About 25 percent of California adults who purchased firearms recently did not have a background check, according to a survey released Sunday.
The 2018 California Safety and Wellbeing Survey also found that some 25 percent of Californian adults live in households with firearms—and 40 percent of those households included children aged 12 and younger.
The survey, conducted last month by the University of California-Davis Violence Prevention Research Program (VPRP), was released on the heels of the California gubernatorial election won by Gavin Newsom, who has promised tougher gun regulations, and the mass shooting that left 12 dead at the Borderline Bar & Grill in Thousand Oaks, Ca.
The survey represents the first major exploration of firearm ownership in the state in over 40 years, said Nicole Kravitz-Wirst, a researcher who led the survey.
“Much remains unknown about the details surrounding firearm violence,” Kravitz-Wirtz said in a press statement accompanying the report. “Accurate and up-to-date information that could be used to develop effective policies and programs to decrease deaths and injuries from firearms is critically needed.”
According to the survey, 14 percent of California adults—roughly 4.2 million people, personally own firearms; and five percent of the firearms are assault rifles. Handguns are the most popular purchase and “were most often obtained for the purpose of protection,” the statement said.
The state already has some of the toughest gun laws in the nation.
“We alsdo found, unexpectedly, that roughly 25 percent of those who purchased their most recent firearm in California reported that they did not undergo a background check,” said Kravitz-Wirtz.
After a mass killing in 2014, California passed a law that let police officers and family members seek restraining orders to seize guns from troubled people. A year later, a shooting rampage in San Bernardino led to voters outlawing expanded magazines for guns and requiring background checks for buying ammunition.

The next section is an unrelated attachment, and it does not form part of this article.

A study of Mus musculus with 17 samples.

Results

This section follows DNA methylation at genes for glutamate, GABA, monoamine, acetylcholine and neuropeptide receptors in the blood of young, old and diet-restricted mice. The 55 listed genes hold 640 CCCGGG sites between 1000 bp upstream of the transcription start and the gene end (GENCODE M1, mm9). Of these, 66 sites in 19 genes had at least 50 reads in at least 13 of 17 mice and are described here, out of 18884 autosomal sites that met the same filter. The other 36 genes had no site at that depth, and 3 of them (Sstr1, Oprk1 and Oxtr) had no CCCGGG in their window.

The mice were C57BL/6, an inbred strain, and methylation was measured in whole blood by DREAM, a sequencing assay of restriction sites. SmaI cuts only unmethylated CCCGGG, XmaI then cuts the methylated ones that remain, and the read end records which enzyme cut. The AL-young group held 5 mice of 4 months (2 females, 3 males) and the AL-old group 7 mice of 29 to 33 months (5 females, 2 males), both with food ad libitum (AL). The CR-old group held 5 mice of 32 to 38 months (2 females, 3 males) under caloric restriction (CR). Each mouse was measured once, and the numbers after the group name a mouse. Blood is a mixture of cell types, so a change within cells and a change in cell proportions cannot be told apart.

The state has also banned assault weapons, all part of a wave of gun regulation that began 25 years ago with a mass murder at a San Francisco law firm.
Gun control activists and politicians are already weighing what more can be done, and whether existing measures could have prevented the killing, the New York Times reports.
Newsom has signaled he will introduce even tougher regulations.
“The response is not just prayers,” he said last week. “The response cannot just be excuses. The response sure as hell cannot be more guns.”
In an interview with the Sacramento Bee shortly after the vote, he promised to “raise the bar” on gun control, suggesting he would have signed bills that Brown vetoed in recent years, such as .expanding California’s gun violence restraining order law, which allows police and family members to seek the temporary removal of firearms from someone they believe is a danger to themselves or others.
California has had the most deaths from mass shootings since 1982: 128.
Florida, with roughly half the population of California, has the second most, 118. Most gun deaths are not from mass shootings, and the focus of the gun control movement is on reducing overall gun deaths, in homicides, suicides and accidents. By that measure, California has been successful: It has cut its gun-death rate in half over 25 years, and is among the states with the lowest rates, with 7.9 deaths per 100,000 residents in 2016.
The survey was presented Sunday at the American Public Health Association in San Diego.